Project 525EXC - Novation Update Adjustable Progressive Dampening System
Novation Adjustable Progressive Dampening System
The APDS shock mod replaces the stock EXC single compression adjuster with a three-way adjuster. The new system has a low-speed, mid-speed and a high-speed adjuster. Understanding what each adjuster does is just the start of finding settings that are ideal for your riding style and the riding conditions.
The low-speed adjuster can be thought of as an overall initial plushness adustment and is adjusted with a flat-blade screwdriver. It reacts mostly to objects that don't require the shock shaft to move very quickly in the initial part of the travel.
Next is the mid-speed adjuster that is adjusted with an 8mm allen wrench. This adjustment is useful for braking bumps and other small to mid-sized square edged terrain that causes the shock shaft to move rather quickly but not necessarily all the way through the available travel.
Lastly is the high-speed adjustment, which is changed by a using a 17mm wrench. The high-speed is for G-out hits or those conditions in which the shock shaft speed is very high and the shock is using most, if not all of its travel.
Dialing It In
With the above information you would think that it is very time consuming to dial in the shock. In the beginning it seems overwhelming to those that haven't played with suspension settings but after spending some time testing you quickly get a feel for what feel you can get with each adjustment. Once comfortable you can judge what area isn't reacting you want it too and make a quick change. A quick example would be if you feel the bike is not absorbing braking bumps into a corner but yet the bike is bottoming from a jump then you could soften the mid-speed while firming up the high-speed.
After talking to other
Novation users, we discovered the real beauty of both the APDS system and the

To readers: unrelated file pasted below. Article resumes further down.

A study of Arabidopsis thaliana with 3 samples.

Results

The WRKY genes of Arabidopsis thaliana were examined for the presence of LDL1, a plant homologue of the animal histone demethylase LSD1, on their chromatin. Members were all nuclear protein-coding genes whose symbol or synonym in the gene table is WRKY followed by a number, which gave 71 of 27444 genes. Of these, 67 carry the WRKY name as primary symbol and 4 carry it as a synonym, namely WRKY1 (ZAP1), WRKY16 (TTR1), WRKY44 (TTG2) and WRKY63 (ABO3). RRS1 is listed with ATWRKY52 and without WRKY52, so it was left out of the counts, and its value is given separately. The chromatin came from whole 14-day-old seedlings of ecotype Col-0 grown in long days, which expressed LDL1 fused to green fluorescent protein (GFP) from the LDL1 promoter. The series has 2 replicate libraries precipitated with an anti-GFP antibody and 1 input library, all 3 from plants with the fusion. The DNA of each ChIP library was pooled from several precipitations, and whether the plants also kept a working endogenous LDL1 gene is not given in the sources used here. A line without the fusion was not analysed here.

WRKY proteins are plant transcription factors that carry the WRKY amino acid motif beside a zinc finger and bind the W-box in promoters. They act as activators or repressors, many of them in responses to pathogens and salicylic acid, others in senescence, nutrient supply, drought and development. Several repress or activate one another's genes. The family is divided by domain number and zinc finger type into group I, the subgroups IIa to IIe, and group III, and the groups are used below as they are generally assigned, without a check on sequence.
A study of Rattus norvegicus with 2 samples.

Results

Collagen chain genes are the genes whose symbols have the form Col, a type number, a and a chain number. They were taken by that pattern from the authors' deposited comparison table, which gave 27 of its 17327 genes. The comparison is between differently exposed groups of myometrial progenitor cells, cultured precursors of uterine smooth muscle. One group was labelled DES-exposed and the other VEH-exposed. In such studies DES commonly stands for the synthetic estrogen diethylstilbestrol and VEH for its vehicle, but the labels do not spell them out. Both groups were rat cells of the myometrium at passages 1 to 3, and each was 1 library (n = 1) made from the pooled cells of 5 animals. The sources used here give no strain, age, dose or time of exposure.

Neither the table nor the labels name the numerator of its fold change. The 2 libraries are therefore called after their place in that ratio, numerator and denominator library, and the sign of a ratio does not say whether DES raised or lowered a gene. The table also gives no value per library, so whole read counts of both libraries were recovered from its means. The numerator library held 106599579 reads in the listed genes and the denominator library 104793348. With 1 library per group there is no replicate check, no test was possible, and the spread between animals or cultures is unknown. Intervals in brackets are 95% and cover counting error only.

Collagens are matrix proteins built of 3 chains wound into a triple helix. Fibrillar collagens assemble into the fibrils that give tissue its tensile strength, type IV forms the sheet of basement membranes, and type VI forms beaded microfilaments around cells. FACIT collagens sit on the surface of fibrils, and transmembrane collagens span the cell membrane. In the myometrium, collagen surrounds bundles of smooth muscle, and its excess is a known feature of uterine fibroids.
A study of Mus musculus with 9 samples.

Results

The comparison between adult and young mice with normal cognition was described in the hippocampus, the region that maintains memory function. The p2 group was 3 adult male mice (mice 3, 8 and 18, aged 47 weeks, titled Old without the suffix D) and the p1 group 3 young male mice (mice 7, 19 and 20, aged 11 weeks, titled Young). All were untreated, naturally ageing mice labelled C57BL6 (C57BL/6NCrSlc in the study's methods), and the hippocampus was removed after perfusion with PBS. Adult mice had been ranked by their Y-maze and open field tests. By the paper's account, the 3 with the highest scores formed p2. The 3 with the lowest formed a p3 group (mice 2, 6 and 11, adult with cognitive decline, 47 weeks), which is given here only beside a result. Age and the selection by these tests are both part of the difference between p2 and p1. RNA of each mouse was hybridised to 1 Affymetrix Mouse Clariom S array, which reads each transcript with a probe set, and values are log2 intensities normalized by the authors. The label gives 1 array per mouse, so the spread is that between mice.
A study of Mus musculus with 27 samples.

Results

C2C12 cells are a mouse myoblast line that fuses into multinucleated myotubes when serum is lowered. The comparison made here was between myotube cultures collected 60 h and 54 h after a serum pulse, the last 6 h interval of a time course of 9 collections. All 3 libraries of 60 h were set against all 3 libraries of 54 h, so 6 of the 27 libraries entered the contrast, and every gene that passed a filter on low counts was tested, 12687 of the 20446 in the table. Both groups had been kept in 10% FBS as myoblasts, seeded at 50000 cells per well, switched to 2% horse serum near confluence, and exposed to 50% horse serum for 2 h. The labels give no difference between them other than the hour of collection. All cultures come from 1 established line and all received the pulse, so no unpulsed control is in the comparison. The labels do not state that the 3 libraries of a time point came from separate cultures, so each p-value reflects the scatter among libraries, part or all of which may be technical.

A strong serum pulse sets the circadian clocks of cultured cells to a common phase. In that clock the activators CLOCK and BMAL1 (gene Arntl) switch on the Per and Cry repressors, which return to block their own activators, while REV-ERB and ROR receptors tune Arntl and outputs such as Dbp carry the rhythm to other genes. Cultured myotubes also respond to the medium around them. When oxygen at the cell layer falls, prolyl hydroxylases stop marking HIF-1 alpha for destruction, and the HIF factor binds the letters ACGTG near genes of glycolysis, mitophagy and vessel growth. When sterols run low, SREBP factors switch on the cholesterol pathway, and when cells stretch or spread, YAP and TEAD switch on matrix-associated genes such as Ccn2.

S.S. valves in the forks is that you can make the suspension perform in two very
different ways. For motocross and higher speed terrain where you want to keep
the bike up in the travel and ready for the next obstacle you can run the
the forks at 10-12 while leaving the high-speed down around 2. The shock is a
little different but for the same result you would firm up the high-speed while
running the mid-speed at almost full soft. These settings are still plush but
the bike really holds itself up well and doesn't blow through the travel or feel
the forks at 10-12 while leaving the high-speed down around 2. The shock is a little different but for the same result you would firm up the high-speed while running the mid-speed at almost full soft. These settings are still plush but the bike really holds itself up well and doesn't blow through the travel or feel too loose.
On the other hand if you want to ride singletrack with a lot of rocks, roots and square edged terrain you can set the high-speed on the forks to around 12 and keep the mid-speed light around 2. The shock would be firm on the mid-speed, say 2 in, and softer on the high-speed, maybe ?-1/2 out depending on the bottoming control needed. What you get with these settings is a high-flow suspension that feels like it is stuck to the ground and absorbs trail hack with tremendous plushness. This setting also works great for slippery hardpacked terrain where there are isn't a lot of G-out conditions and where you want the bike to stay planted.
After nearly a year with riding the Novation suspension we couldn't be happier. Being able to take your bike on a trail ride one day and then to a real motocross track the next day and have great suspension in both conditions is now a reality. Being willing to take the time to test the different settings to find out what works for you is crucial. Once you put that time in however you are rewarded with personalized suspension tuning that you actually tuned in yourself. There is no need to ship your suspension back to a tuner and have him try different shim stacks and oil heights, simple change the clickers and ride again until you get the feel you are looking for. If this type of setup sounds like it might be something you could benefit from then give Pete a call.